My FICO Score
Credit Score Pareto Chart
Again, this is the Pareto Chart for your credit score. Companies use Pareto Charts when analyzing processes that need improvement. They help determine the defects behind the processes and the changes that will make the biggest impacts the fastest without having to fix everything at once. If you address the factors that cause the most problems, you will see drastic improvement quickly. The highest factor is on the left and the lowest factor on the right. The line shows the cumulative effect as you go across the chart. For your credit score, the most impactful factors are 'Payment History' and 'Utilization Rate', which make up 65% of the score. Therefore addressing these factors first will give you the biggest bang for your buck.
I dive into a Pareto Chart example, in the first post of this series. Essentially, if you address the issues that make up the majority weight of the problem or thing you are trying to improve you will see the greatest improvement early on.
I am calling you to use the Pareto Chart I have created for your credit score and then analyze what you can do to tackle the biggest factors affecting your score so you can get to the 800s.
Credit Card Factors in Order of Significance:
We’ll continue on with Payment History (The largest weight of your credit score)
Payment History is the record of your payments throughout the life of your credit score. This category is a little bit more difficult to address because it’s like the school attendance record of you credit cards payments and roll call has been going on for years and is already documented, sent to the office, and on your school record.
If you use any popular credit service such as Credit Karma, after clicking your score, and then clicking Payment History, you’ll find your percent of On-time Payments. Notice that this credit score factor runs a tight ship because to be rated ‘Excellent’ or ‘Good’ you need at least 99%.
I am lucky to have 100% in this category and I say lucky because most of us get our first credit cards at the young adult age of 18. When I got my first credit card at my bank, I honestly didn’t even know what I was signing up for. I went in to make changes to my checking account and came out with the changes and a new credit card. Putting something that has a grade factor that only allows for 2% error in the hands of a teen is one of life’s many injustices. It is like expecting a new student to average a 98/100 minimum on every test over their whole schooling career. Once my credit card came in the mail, I told my parents and got scolded on how having a credit card would ruin my life. I thought, “this can’t be true” and here I am about a decade later (lots of reading involved) with 100% on-time payments, 800+ score, and one who uses credit cards for free rewards and travel. I am lucky that my parents scared me into learning because not all get the warning. Credit cards do cause setbacks to many lives but they do not have to.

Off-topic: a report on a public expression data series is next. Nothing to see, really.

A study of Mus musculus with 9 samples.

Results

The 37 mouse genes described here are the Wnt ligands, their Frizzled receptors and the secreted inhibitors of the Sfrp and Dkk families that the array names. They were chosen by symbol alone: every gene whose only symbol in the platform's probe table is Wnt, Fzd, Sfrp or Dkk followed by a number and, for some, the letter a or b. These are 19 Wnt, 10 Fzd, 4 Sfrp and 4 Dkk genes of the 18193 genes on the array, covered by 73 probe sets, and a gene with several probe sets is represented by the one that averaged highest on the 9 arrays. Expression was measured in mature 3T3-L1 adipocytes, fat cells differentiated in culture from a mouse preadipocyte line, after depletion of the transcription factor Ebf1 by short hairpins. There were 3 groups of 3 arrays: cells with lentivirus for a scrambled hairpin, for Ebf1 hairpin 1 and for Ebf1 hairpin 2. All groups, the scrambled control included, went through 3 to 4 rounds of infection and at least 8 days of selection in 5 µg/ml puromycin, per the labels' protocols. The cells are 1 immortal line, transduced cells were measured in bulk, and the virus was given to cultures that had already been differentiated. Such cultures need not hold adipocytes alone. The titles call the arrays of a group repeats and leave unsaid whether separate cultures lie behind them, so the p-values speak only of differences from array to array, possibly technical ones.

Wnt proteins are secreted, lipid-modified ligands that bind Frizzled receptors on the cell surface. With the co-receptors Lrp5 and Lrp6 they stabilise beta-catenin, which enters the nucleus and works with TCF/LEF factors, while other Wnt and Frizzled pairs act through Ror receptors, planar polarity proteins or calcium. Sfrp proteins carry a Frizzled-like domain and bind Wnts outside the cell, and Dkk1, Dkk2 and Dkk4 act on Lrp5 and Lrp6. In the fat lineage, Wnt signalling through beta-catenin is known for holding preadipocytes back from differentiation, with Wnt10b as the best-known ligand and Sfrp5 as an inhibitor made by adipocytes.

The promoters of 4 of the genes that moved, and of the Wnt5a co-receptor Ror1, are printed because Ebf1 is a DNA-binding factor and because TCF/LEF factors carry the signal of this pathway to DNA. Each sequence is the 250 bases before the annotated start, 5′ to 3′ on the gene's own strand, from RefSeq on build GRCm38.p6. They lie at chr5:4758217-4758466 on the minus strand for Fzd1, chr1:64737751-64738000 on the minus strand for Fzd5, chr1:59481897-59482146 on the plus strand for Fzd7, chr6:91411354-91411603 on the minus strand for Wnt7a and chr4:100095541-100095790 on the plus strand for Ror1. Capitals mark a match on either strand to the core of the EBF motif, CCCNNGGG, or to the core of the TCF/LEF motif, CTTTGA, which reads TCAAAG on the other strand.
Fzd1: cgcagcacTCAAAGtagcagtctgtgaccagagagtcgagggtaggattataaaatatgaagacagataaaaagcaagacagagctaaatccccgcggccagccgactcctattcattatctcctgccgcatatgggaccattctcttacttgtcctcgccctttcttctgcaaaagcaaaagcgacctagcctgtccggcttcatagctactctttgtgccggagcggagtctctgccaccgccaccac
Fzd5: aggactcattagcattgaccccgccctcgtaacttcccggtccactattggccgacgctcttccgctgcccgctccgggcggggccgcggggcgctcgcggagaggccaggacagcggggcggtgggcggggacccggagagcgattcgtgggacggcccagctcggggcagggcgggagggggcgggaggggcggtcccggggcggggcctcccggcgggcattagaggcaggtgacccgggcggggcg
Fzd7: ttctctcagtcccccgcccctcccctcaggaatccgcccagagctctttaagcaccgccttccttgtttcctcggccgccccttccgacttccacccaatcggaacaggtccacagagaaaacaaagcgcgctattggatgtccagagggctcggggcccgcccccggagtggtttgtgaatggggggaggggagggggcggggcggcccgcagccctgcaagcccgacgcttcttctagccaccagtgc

If you weren’t this lucky here’s some things you can do about it:
Go back into Credit Karma, click on ‘View full credit report’, click on any credit card and then see ‘Times 30/60/90 Days Late’. On the app, it looks like this:
There is one saving grace here, you can be late on a payment as long as you are not 30 days late. Also I have forgotten to pay a card for an entire cycle before and still have 100% on-time because many cards first slap you with a high late payment fee before turning you over to the office with a tardy mark. For everyone at or under 99%...
A Credit Karma article suggests that if a missed payment is 7 years old or if you actually paid on time, the credit company will remove the late payment from your credit report. I have less experience with this but I have had success in removing a late fee by calling the credit card company. I simply called and told them that I tried to pay the fee online and it didn’t go through or I tried to pay by phone and it was not processed or “I have been a faithful holder of your credit card for 5 years and have never missed a payment. I have already submitted the payment and you can see that on your end, and though it was 3 days late I did not receive proper notification. I have updated my contact info and it will not happen again. I would appreciate you valuing my loyalty as a card holder and removing this late fee.”
If all else fails, there is still one good thing and that is: you still have the present and future to get that percentage up. This is obviously a very long game but I have several credit cards and all of them report payments each month so each on-time report is one payment closer to 99%. And in seven years (which will come) you can go back and ask for the missed or late payment to be removed again.
We’ll continue with the remaining credit card factors next time… Many blessings, much favor, and wisdom to you!